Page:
One of exciting things about the PCB design space is the pace at which things change and evolve. We are responsible for creating the tools that enable the design of the next great gadget or product. This puts us at the forefront of technology providing a “sneak peak” into future trends. 


Below are a few trends we saw this year and ways we are trying to help our customers address them. 


Flex is Mainstream 

Flex and rigid-flex was a major theme this year (and into next). While flex technology has been around for a while, it seemed its use started to hit the mainstream in 2016. There have been many articles and editorials on flex over the course of the year. PCD&F even devoted 2 covers to flex in 2016.  



Design teams are using flex for its well documented design benefits. These include: better space management, increased reliability, better signal quality, etc. However, along with these benefits come unique design and manufacturing concerns. 


Unique Flex Support in 17.2-2016 Release 

Cadence has long provided flex support. With the latest 17.2-2016, Cadence has made Flex a true first-class citizen in OrCAD and Allegro. Specific design rules and capabilities have been added to enable efficient flex based PCB’s while avoiding manufacturing or design issues. 


Learn more about flex in OrCAD & Allegro: 



Collaboration (People, Data, and Tools)

Collaboration is a key theme across businesses and business service providers. We have seen the rise of Slack for interoffice communications (and the later releases by Facebook and Microsoft of their own team collaboration apps). Having an API to hook tor connect your product with others is almost a requirement these days. There are even companies built solely around helping to stitch systems and data together like IFFFT or Zapier. 


All these offerings center around the need to process information from multiple sources faster, with greater accuracy, and in context. PCB designers and engineers play a key role in creating the data processing and collection capabilities needed to support these data analysis platforms. This begs the question, what is being done to automate the design process for designers to keep pace with demand and produce the next generation of connected electronics? 


It’s not a technology problem it’s a data problem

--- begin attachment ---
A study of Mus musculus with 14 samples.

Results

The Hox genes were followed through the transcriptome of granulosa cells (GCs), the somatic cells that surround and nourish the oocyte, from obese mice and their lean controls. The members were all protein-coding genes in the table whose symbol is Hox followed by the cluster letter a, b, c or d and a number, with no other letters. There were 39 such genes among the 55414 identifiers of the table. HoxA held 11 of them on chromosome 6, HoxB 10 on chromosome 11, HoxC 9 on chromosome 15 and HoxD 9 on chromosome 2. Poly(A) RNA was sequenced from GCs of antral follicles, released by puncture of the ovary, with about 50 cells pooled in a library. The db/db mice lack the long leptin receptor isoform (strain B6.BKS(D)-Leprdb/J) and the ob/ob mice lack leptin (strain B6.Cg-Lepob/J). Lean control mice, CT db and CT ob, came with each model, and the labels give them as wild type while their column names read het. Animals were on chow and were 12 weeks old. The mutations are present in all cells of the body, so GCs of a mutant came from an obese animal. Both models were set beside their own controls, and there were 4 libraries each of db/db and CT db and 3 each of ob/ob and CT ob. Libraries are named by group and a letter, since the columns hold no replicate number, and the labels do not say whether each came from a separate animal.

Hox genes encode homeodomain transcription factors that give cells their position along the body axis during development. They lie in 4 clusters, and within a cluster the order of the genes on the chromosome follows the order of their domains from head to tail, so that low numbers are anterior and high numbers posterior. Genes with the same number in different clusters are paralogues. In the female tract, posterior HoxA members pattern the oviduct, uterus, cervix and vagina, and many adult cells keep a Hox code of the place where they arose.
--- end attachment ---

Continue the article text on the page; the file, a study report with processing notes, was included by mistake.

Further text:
Many times the limiting factor for a company to achieve their PCB design goals is about process and data. Engineers have the skills and knowledge, but they are limited by their ability to access information, track changes, and effectively communicate with other stakeholders in the development process such as procurement, manufacturing, mechanical, other engineers, etc. 

Engineers must log into separate systems or leave their design environments so they can stay in sync. While this may have worked in the past, the pace and complexity of development is demanding a “smarter” solution. One which empowers engineers with the data they need to make effective and timely decisions without burdening them. What design teams are looking for is a way to be “connected” without leaving their native design environment.  

Context aware data management & collaboration 

Cadence & EMA have released solutions in the past 2 years to help designs teams achieve this goal. From design data management and real-time collaborative PCB design to built-in PLM connectors, we are working to provide design teams access to the data they need while helping them maintain focus on the task at hand—building great products. 


As we move forward, this need for integration and collaboration will continue to build as the design process becomes more interrelated and interdependent. 


Learn more about our data management & collaboration solutions: 



Supply Chain Starts at Part Selection 

Another reoccurring theme for 2016 was companies looking to better manage their part supply chain. How do they specify the right parts the first time, thus avoiding late stage design revisions due to obsolete or out of stock parts? 


Traditionally, engineers have had little visibility and influence into the supply chain. Part research was about finding a part that fit the design characteristics needed for the project. Little attention was given to cost, supply, second sourcing, and compliance (nor was this info readily available). Once the design is done, the BOM was something to send over the wall and let procurement handle it from there. Yet, as market windows shrink and PCB manufacturing has gone global, managing the supply chain upfront has become a strong interest for design teams to avoid late stage design changes. 


To help design teams make supply chain driven part decisions, the new CIP Compliance Module was introduced which provides compliance data inside the PCB design environment. This system leverages SiliconExpert supply chain data (used by many in procurement and component engineering). Now design engineers and those managing the ultimate part purchases can work from the same dataset to verify the part will not only meet the electrical needs of the design, but can be ordered, and at a cost that will keep the product on budget and on schedule for release.

Learn more about Supply Chain Driven Design with OrCAD & Allegro: 


2016 has been an exciting year for PCB design. Looking forward to what 2017 will bring.